Drought conditions hurt Manitoba Christmas tree farms
A holiday tradition going back generations may be in jeopardy for some as drought conditions has wreaked havoc on some local Christmas tree producers.
Three years of missed spring rains and a summer drought has adversely affected tree growth and impacted the number of available trees for Country Pines based out of Tyndall, Man.
“I should have at least about a foot to a foot and half of growth on my trees and if I’m getting six inches that’s all I’m getting out of them because of the moisture in the ground,” said Michael Kisiloski, chief operator for Country Pines.
The result is a crop one third the size of normal year and their backup order of pre-cut trees has yet to arrive.
“This year it’s going to be astronomical. I don’t even know if I can even open up my doors if I don’t get that supply of trees coming in cause right now there’s going to be a lineup about a mile long according to all the emails and phone calls I’ve been getting,” Kisiloski said.
Country Pines is not alone. In a social media post Kowalke Tree Farm, also in the area, said it won’t be opening this year.
“The drought this summer hit our crop of trees quite hard, and we don't have enough trees available to make it feasible for people to make the trip,” reads the post.
However, hope for a locally grown tree is not lost. South of Steinbach lies CD Trees and their situation is more promising.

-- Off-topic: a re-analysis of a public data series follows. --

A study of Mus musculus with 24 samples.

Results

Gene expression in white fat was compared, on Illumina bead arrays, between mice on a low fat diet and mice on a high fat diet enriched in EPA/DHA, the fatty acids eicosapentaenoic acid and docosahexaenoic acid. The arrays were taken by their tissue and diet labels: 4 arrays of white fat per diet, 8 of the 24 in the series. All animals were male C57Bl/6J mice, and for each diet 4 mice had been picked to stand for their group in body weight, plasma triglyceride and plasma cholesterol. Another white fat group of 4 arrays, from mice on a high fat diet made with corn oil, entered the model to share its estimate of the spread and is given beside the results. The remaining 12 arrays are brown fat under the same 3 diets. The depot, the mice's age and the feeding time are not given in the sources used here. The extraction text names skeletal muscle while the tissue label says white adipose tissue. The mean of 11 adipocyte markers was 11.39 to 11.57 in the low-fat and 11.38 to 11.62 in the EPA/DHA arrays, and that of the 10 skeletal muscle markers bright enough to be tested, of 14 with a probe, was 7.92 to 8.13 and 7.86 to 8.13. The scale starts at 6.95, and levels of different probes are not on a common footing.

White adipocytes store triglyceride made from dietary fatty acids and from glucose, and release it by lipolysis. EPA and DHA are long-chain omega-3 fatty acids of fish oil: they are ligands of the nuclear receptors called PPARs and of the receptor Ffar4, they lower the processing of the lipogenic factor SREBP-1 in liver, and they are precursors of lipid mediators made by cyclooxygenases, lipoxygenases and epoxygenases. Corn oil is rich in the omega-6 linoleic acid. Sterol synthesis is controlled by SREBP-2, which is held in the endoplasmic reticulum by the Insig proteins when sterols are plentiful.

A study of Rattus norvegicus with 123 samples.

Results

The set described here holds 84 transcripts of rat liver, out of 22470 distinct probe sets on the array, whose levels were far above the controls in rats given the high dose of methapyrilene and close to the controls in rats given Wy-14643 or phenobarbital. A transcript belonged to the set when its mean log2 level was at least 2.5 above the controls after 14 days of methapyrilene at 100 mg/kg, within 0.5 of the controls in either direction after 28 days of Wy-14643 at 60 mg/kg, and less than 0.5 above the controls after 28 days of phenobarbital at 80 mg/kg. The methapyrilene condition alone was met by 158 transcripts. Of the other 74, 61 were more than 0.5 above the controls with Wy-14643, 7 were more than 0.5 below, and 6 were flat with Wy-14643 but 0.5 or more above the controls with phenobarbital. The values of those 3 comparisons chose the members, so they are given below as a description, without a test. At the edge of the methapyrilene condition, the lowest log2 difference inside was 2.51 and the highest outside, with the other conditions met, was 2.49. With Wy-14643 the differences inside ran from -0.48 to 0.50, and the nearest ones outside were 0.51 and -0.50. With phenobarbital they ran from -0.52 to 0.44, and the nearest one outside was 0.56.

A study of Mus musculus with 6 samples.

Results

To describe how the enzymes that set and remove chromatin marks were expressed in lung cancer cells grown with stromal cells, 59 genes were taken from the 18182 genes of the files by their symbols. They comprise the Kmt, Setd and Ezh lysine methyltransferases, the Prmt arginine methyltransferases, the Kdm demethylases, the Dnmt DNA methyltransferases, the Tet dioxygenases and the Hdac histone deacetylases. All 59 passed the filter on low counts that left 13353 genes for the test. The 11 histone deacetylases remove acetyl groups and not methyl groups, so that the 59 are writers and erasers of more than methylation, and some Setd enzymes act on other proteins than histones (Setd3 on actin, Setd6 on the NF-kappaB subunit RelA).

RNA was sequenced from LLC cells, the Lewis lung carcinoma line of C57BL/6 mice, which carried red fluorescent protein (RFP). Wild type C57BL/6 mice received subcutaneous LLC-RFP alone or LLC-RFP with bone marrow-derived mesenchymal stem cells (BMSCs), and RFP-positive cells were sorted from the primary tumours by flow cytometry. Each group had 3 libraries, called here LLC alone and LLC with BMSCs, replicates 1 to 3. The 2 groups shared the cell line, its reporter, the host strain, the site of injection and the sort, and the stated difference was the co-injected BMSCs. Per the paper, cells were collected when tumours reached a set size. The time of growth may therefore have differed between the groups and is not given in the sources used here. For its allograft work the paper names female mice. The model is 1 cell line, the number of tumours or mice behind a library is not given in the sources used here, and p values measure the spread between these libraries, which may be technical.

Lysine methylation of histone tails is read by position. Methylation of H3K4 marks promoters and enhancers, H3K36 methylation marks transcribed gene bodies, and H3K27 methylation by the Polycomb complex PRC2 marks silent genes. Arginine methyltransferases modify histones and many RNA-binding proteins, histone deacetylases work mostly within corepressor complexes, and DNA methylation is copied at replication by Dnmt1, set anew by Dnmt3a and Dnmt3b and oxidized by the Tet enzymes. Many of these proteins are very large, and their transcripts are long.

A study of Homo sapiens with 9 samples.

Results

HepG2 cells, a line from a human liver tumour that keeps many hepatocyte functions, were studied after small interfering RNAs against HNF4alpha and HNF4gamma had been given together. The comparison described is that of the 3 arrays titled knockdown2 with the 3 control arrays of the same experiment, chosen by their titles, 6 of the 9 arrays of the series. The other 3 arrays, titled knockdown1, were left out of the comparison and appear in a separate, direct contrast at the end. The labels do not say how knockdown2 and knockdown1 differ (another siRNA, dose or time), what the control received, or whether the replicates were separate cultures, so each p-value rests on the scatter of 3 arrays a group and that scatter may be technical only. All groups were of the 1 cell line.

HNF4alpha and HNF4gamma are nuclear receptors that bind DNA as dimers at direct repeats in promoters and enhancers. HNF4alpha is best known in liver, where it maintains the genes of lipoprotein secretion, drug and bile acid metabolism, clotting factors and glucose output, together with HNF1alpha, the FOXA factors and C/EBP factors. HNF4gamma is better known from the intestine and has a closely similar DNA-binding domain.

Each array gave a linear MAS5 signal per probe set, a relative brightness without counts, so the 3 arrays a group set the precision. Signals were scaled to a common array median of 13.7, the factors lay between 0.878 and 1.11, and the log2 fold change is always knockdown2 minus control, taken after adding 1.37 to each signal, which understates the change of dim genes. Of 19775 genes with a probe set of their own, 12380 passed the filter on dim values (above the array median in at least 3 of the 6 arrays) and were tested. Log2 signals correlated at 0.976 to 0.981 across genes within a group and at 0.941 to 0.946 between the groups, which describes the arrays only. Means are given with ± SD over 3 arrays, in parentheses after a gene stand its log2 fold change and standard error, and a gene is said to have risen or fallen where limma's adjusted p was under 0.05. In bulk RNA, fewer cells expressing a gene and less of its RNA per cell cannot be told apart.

Cliff Freund and his wife planted their first trees back in 1990 and started selling them in 1996. They also import some trees that don’t grow well in the province, like Balsam and Fraser firs, to supplement their supply.
They mainly produce Scotch Pine and White Spruce trees on their 30-40-acre property. Freund said once the young trees are about a foot or two tall they are pretty hardy.
He said the trees might suffer a little in growth because of the dry weather but it’s not really a big deal.
“The pine they usually grow more than they need to, because to get them to grow full we cut them back,” said Freund. “Some years we have to cut back a foot and a half and this year a foot or maybe six inches.”
The spruce, being a slower grower, might be set back a year.
The potential shortage of trees will be felt more by wholesalers and tree farms that rely more heavily on imports, according to Freund.
A frost in the northern U.S. producing area killed new growth and limited tree supply, leading some suppliers to limit sales to amounts from previous years and certain types of trees were not available at all.
Kisiloski said the demand on local tree farms has been growing while the number of local producers has dwindled over the years going from 15 in the area to five.
Country Pines has about 7,000 trees in various stages of growth, but the recent mortality rate of its seedlings has been high due to the weather.
To survive, Kisiloski said he’s going to have to change his approach and start hiring staff to water the trees on his property when previously it was left to Mother Nature.
“I can’t afford to lose the amount of seedlings out there cause I won’t have a farm left anymore,” Kisiloski said. “It takes ten years to grow a tree right, and if I get two years of good moisture the tree itself establishes itself and will take off,” said Kisiloski.
Both producers open their doors to the public this Saturday.